Equipment and Mods
Tools of the Trade

Check out what parts and mods serious drifters are using on their cars, and why they use them.

Those are: Horsepower, Angle, Suspension, and Braking

All of these can be accomplished with a stock, rear wheel drive vehicle. However, drifting becomes far easier with some modifications in these areas. Adding 'horsepower' will make it easier to break the rear tires loose, and maintain max angle throughout the turns. While adding an 'angle kit' gives you more over-steer, for bigger angles during the turns and less chance of spinning out. Beefing up to a stiffer suspension and/or adding sway bars, makes it easier to break the rear tires from the gripping position. It also cuts out the pitch roll that most stock vehicles have going hard into a turn, which could cause a roll-over. Adding an 'E-brake' or 'Steering Brake' gives you the option to lock up the rear wheels, to help in initiating the drift or to scrub speed quickly.

Horsepower basically says how big and strong the motor is, and it is determined by many different factors. Every motor is different, but all can be modified in lots of ways to achieve more horsepower. The amount of horsepower dictates how many foot pounds of torque you have to break the rear wheels from the grip position. Typically most cars only have between 100-250HP when they are stock from the factory. Some drift cars can exceed 1000HP easily, through engine swaps and upgrades.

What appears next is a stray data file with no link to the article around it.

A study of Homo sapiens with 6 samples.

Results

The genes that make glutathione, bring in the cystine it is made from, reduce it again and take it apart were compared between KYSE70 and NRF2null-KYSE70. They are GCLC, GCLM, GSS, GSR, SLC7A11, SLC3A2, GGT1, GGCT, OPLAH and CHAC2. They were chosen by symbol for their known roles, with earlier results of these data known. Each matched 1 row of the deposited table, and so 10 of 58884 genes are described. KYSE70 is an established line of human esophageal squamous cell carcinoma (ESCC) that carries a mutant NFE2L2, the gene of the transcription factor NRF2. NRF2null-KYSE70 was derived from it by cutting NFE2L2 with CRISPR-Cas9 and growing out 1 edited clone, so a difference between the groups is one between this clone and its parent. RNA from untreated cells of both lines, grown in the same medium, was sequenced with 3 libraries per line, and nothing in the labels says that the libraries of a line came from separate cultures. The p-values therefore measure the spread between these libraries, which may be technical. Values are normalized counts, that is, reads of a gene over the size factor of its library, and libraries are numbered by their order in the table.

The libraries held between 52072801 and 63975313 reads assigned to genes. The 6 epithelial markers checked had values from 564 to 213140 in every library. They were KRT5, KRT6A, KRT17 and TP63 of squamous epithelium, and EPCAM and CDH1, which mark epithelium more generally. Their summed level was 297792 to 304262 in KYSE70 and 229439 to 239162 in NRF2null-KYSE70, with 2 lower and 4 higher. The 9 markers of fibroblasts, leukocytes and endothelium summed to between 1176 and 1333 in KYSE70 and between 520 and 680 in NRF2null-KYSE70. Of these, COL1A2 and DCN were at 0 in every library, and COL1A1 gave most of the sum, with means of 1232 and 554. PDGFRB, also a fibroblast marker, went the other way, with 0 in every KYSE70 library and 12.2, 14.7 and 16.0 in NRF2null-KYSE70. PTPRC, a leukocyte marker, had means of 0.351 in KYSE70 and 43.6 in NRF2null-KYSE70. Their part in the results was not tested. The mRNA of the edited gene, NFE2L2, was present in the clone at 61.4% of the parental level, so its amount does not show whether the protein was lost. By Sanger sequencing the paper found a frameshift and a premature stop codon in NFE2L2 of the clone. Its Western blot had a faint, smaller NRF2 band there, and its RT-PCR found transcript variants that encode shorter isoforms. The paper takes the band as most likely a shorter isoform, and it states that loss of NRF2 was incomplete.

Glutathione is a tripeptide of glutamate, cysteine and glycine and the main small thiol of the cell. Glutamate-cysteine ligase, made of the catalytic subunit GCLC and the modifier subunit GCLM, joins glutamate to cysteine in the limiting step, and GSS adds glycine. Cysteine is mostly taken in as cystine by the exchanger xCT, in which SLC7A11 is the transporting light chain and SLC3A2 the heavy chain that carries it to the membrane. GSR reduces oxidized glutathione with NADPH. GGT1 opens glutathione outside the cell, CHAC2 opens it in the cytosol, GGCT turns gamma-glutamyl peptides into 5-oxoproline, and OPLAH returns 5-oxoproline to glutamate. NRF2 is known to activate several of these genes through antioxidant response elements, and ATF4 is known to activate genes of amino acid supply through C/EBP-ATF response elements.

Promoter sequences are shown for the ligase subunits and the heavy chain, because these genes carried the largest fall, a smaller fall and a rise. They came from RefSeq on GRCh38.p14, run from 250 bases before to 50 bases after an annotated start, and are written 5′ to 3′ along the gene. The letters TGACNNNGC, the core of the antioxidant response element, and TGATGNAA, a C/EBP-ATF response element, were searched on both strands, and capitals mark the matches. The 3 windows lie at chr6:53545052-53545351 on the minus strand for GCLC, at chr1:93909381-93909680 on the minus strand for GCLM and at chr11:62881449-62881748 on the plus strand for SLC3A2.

Angle Kits give the car more steering angle at full lock, which makes it easier to get more angle and maintain it during a drift. There are many different brands like 'Wisefab', 'SLR', 'MG Solutions', 'DriftKnuckles', and many more, that specialize in certain chasis angle kits. They all vary in price and quality, just like anything else you buy in this world today. Research your chasis to find out who offers the best angle kit to fit your driving style, at a price you can afford. There are also many fabricators out there that are making their own amazing angle kits, you just have to ask around till you find them. There are probably even some in your area, so ask your fellow drifters.
(DWM will be doing product reviews of angle kits in the very near future, so stay tuned and check back often.)

Suspension is always a factor in anything having to do with speed and stability of the vehicle. Upgrading your cars suspension can do wonders for your drifting. You want your suspension stiff in the rear end, to easily break both rear tires loose from the grip position. Your front tires are set cambered in at the top for maximum traction to help hold the car on it's line through the high speed turns. Most serious drifters use adjustable coilovers, in place of the stock shocks and struts to achieve the suspension needs they desire for drifting.
(DWM will be doing product reviews of coilovers and other suspension goodies in the very near future, so stay tuned and check back often.)

Braking is a key component in drifting, and it's used in many different ways. E-brake initiations, grabbing it for negotiating your way around a hairpin turn, these are just a few ways braking is used in drifting.